Producers who wonder where $12 soybeans went need only look to Brazil, where farmers are getting that amount plus change for the crop.
Tack on major moves in global currency and it becomes clear American agriculture must monitor its cost of production, advises Gregg Hunt, trader.
“This has all transpired on a flip since September,” notes Hunt on the “AgDay” Agribusiness Update.” So you perpetuate that, obviously what’s going on with the euro—that would be more of a wheat thing and/or feed wheat—and you throw that out there and what’s going on with Australia and their currency, too. All these guys are lowering their interest rates, along with China, except Japan. They can’t go any lower.
“Now you’ve got a situation where as we move forward, these guys are going to be more competitive to plant versus us. The situation you don’t want is we come back here next year and we’ve got low prices and the American farmer with the low, low prices below the cost of production will be the one who’ll have to cut back on acres where the Brazilians and everyone else won’t. That’s the situation you don’t want. That to me is the thing you’d better be quite aware of.”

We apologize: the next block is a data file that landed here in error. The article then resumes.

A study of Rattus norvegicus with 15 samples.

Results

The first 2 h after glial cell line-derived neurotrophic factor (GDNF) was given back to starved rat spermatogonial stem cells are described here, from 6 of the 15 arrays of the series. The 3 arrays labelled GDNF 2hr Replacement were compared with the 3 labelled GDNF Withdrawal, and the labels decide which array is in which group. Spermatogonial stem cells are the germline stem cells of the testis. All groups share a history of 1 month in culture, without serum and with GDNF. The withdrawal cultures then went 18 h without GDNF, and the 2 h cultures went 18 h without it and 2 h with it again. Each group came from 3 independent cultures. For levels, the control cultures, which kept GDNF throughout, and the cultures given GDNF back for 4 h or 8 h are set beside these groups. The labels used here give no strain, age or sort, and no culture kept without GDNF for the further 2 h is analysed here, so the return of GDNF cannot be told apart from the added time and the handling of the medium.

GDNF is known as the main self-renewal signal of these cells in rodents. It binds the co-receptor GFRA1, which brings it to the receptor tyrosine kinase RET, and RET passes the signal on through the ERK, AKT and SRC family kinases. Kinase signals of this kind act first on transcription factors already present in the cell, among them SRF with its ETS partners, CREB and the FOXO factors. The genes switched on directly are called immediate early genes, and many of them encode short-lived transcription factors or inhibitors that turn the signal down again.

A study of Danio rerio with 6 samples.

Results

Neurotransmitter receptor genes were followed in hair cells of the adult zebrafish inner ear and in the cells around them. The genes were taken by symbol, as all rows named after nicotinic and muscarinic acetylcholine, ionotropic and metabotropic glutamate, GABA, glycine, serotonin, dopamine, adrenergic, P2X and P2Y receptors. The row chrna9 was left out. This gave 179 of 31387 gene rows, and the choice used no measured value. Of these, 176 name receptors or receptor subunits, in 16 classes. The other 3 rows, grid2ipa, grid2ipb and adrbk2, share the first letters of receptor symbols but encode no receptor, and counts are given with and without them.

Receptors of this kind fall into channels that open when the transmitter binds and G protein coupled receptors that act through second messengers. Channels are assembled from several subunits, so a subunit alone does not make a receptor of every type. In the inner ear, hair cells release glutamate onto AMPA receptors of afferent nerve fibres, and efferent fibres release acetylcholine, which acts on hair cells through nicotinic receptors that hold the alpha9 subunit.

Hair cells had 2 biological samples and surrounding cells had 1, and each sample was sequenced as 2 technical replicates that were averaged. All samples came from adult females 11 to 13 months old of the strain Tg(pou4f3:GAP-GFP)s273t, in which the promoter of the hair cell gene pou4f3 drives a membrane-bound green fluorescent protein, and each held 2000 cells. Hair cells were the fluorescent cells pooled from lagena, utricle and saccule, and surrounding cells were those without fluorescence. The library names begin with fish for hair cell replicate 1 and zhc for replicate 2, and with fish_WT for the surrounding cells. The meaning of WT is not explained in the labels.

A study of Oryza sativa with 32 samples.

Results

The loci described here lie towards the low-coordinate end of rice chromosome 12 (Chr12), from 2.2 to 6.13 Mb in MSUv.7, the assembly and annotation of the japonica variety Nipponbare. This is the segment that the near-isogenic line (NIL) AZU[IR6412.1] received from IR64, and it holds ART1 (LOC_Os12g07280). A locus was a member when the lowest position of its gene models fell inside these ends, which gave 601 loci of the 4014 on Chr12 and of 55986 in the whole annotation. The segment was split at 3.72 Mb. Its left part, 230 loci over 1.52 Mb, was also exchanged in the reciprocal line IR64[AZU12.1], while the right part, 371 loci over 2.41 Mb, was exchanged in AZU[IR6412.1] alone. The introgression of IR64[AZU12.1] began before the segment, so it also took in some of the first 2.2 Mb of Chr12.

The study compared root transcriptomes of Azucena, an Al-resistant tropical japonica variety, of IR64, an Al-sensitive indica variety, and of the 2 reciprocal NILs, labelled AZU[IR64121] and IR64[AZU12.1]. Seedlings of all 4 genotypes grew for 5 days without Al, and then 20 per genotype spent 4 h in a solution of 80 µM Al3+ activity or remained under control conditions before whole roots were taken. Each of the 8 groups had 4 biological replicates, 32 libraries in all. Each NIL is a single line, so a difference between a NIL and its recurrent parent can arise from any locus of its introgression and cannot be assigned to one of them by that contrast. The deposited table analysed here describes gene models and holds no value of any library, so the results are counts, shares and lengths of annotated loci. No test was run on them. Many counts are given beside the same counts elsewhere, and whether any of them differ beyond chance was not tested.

Export Positivity. Additionally, producers must realize that contrary to the popular notion a strong dollar hurts ag exports, shipments actually have been quite strong, Hunt points out.
“We’ve done tremendous exports in soybeans and a lot better exports versus a year ago on corn,” he explains. “We’ve got the Chinese taking almost 300 million bushels of sorghum and then a massive amount of meal business. Of course, a lot of that had to do, too, with people that saw sticker shock with the price of the previous year, didn’t have the inventory, and boom. That’s how you can move a billion bushels of our corn out of here in two months back in the fall.”